The Temple of Trajan in Pergamon was built around 114CE and used to worship both Trajan and the next emperor, Hadrian. Statues of both emperors were discovered during restoration work by the German Archaeological Institute and are now in the Pergamon Museum in Berlin.
Turkey – Been There

To see the ruins of Assos, ask for Hussein

Photo by Paul Williams

Turkey – Been There To see the ruins of Assos, ask for Hussein

So many civilizations have passed by the village of Assos: Greek, Roman, Byzantine, Ottoman; all have left their mark. All have left something in the ruins.

Tara Isabella Burton
Tara Isabella Burton Travel Writer

The streets of Assos are silent. Baby chickens cluck and peck among the cobblestones; fishermen at the harbor toss anchovies to neck-craning kittens straight from their nets. The ruins here are not commonly visited by tourists, who often head to Ephesus instead. Few columns remain of the splendid temple at the top of the hill; but the glory of Assos is in the juxtaposition of those few stones against the endlessness of the sea.

The center of town is dominated by old men: sitting in silence, drinking tea. One such man, Hussein, invites me for a drive, in a mixture of broken English, broken German, and vague, enthusiastic Turkish. While he waits for one of his five grandchildren to get the car, a broken-down blue Lada, he grabs my hand and drags me across town to his home. “Das ist my house,” he says.

He plucks a pomegranate from a crate in his courtyard and cracks it open, handing me a sticky mess of seeds. Hussein, I learn, is an archaeologist; for years, he was in charge of taking care of the Athena ruins. “Not now,” he says. “Now ich bin grandpapa.”

With Hussein driving, we set off to see the sights of the town: the Eastern Gate, where trade flowed onto the vast networks of the Ottoman Empire, the statue of Aristotle, the Greek sarcophagi on the side of the road. We are “kleine Asia” he says – Asia in miniature.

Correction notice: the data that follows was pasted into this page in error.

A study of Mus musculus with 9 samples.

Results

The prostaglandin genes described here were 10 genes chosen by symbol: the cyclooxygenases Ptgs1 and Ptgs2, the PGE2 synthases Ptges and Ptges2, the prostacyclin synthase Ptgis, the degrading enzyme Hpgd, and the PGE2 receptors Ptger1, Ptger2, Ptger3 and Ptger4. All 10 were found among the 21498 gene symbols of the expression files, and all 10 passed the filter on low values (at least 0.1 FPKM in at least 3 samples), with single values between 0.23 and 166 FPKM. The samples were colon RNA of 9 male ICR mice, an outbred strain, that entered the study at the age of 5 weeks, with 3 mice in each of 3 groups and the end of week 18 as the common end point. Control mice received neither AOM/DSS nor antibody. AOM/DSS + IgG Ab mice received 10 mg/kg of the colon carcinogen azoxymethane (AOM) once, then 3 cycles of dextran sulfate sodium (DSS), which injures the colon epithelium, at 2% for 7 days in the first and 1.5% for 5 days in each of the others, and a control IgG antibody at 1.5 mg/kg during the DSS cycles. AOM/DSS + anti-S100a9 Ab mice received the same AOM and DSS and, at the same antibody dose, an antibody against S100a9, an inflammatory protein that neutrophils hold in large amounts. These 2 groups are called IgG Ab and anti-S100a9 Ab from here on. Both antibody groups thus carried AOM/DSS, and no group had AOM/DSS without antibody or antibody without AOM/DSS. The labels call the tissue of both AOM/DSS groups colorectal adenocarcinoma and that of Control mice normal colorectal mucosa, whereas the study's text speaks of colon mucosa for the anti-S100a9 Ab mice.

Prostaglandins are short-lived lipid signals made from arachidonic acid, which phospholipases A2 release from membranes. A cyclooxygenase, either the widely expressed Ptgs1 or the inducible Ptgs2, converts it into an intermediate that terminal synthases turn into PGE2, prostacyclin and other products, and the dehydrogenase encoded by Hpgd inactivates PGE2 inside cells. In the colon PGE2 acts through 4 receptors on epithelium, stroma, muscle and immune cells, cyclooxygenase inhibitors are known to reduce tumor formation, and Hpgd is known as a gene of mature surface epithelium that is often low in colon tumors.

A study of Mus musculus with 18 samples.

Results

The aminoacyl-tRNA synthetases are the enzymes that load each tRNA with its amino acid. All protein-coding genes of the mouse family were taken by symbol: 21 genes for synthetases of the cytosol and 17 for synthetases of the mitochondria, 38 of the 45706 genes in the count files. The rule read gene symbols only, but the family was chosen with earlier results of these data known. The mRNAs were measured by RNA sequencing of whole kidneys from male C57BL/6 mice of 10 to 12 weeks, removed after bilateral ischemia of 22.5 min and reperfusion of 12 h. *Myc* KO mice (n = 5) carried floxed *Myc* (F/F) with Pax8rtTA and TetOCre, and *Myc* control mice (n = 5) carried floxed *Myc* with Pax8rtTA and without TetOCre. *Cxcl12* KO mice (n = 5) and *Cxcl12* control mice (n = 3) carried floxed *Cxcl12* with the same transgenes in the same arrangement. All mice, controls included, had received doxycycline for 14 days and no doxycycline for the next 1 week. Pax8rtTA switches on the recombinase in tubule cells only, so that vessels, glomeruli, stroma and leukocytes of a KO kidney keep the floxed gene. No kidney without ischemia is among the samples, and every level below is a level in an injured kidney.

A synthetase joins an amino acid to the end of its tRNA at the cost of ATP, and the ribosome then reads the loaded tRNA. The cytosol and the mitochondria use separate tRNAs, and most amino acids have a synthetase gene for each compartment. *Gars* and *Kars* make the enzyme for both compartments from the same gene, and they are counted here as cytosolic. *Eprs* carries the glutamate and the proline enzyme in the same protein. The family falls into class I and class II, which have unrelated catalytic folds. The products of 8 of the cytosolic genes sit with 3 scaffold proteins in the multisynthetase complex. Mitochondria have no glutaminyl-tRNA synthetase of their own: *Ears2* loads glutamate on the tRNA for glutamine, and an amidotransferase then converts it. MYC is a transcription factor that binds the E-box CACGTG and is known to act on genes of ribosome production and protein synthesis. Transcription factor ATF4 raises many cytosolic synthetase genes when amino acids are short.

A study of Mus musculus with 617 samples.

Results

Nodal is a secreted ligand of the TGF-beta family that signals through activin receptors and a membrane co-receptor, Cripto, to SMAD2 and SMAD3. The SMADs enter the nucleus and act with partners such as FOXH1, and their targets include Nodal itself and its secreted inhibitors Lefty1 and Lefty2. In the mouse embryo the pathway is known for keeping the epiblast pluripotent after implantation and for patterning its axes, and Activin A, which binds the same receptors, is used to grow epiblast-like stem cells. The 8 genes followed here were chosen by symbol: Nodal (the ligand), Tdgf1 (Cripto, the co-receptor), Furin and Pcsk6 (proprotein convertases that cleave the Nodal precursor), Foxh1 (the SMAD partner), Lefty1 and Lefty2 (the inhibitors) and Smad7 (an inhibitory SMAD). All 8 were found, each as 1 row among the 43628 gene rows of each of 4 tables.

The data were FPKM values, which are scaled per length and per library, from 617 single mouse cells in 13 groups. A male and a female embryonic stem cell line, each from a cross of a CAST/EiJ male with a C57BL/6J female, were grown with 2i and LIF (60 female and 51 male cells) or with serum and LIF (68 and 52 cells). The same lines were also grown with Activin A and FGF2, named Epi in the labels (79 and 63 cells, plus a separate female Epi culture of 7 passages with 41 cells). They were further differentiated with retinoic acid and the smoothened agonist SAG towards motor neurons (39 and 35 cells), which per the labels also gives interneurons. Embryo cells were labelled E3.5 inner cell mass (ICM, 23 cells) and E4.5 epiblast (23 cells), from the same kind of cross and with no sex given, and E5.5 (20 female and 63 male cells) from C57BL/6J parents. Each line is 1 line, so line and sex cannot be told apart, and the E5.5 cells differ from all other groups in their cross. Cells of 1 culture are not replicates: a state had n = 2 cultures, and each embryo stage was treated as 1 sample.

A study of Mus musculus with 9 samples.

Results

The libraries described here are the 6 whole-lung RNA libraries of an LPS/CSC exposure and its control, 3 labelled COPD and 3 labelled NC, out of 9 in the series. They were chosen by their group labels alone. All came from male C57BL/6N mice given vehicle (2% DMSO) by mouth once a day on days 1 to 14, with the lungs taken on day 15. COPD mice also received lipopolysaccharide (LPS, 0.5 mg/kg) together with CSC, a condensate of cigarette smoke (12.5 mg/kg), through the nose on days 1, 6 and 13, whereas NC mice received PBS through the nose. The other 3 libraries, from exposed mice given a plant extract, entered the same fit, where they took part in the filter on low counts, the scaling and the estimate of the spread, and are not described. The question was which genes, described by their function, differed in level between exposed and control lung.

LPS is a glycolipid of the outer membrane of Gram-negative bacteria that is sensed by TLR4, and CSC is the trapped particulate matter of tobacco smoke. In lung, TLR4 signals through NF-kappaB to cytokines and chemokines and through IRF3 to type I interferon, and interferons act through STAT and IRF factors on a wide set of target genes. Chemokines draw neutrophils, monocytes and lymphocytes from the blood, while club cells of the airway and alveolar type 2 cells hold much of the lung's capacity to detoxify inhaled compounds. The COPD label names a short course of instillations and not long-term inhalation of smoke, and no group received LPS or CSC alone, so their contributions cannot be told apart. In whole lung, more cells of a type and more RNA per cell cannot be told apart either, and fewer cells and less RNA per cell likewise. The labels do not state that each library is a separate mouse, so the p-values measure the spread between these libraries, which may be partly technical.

“You must come back,” he tells me as we pull up at the bus station. He will take me for another drive. He will take me among more columns, more stones. He will show me the necropolis properly. He will show me the Greek island of Lesbos and the vanished cities along the Troad coast, where tourists do not go, because there are just so many ruins to see.

"I will be your guide," Hussein tells me. "When you come back, ask for 'Hussein the Archeologist'." He does not give me his telephone number, nor his full name.

"You and me, old Grandpapa and young madame." He slaps my knee and chortles.


Martin Siepmann

Martin Siepmann

Canon EOS 5D-III

Agency
Alamy
Aperture
ƒ/11
Exposure
1/250
ISO
200
Focal
33 mm

Ephesus' Library of Celsus, whose facade was restored in the 1970s, was built around 125 AD as a monument to Celsus, governor of Asia. The city was famed for the Temple of Artemis, one of the Seven Wonders of the Ancient World, which was destroyed in 401 AD.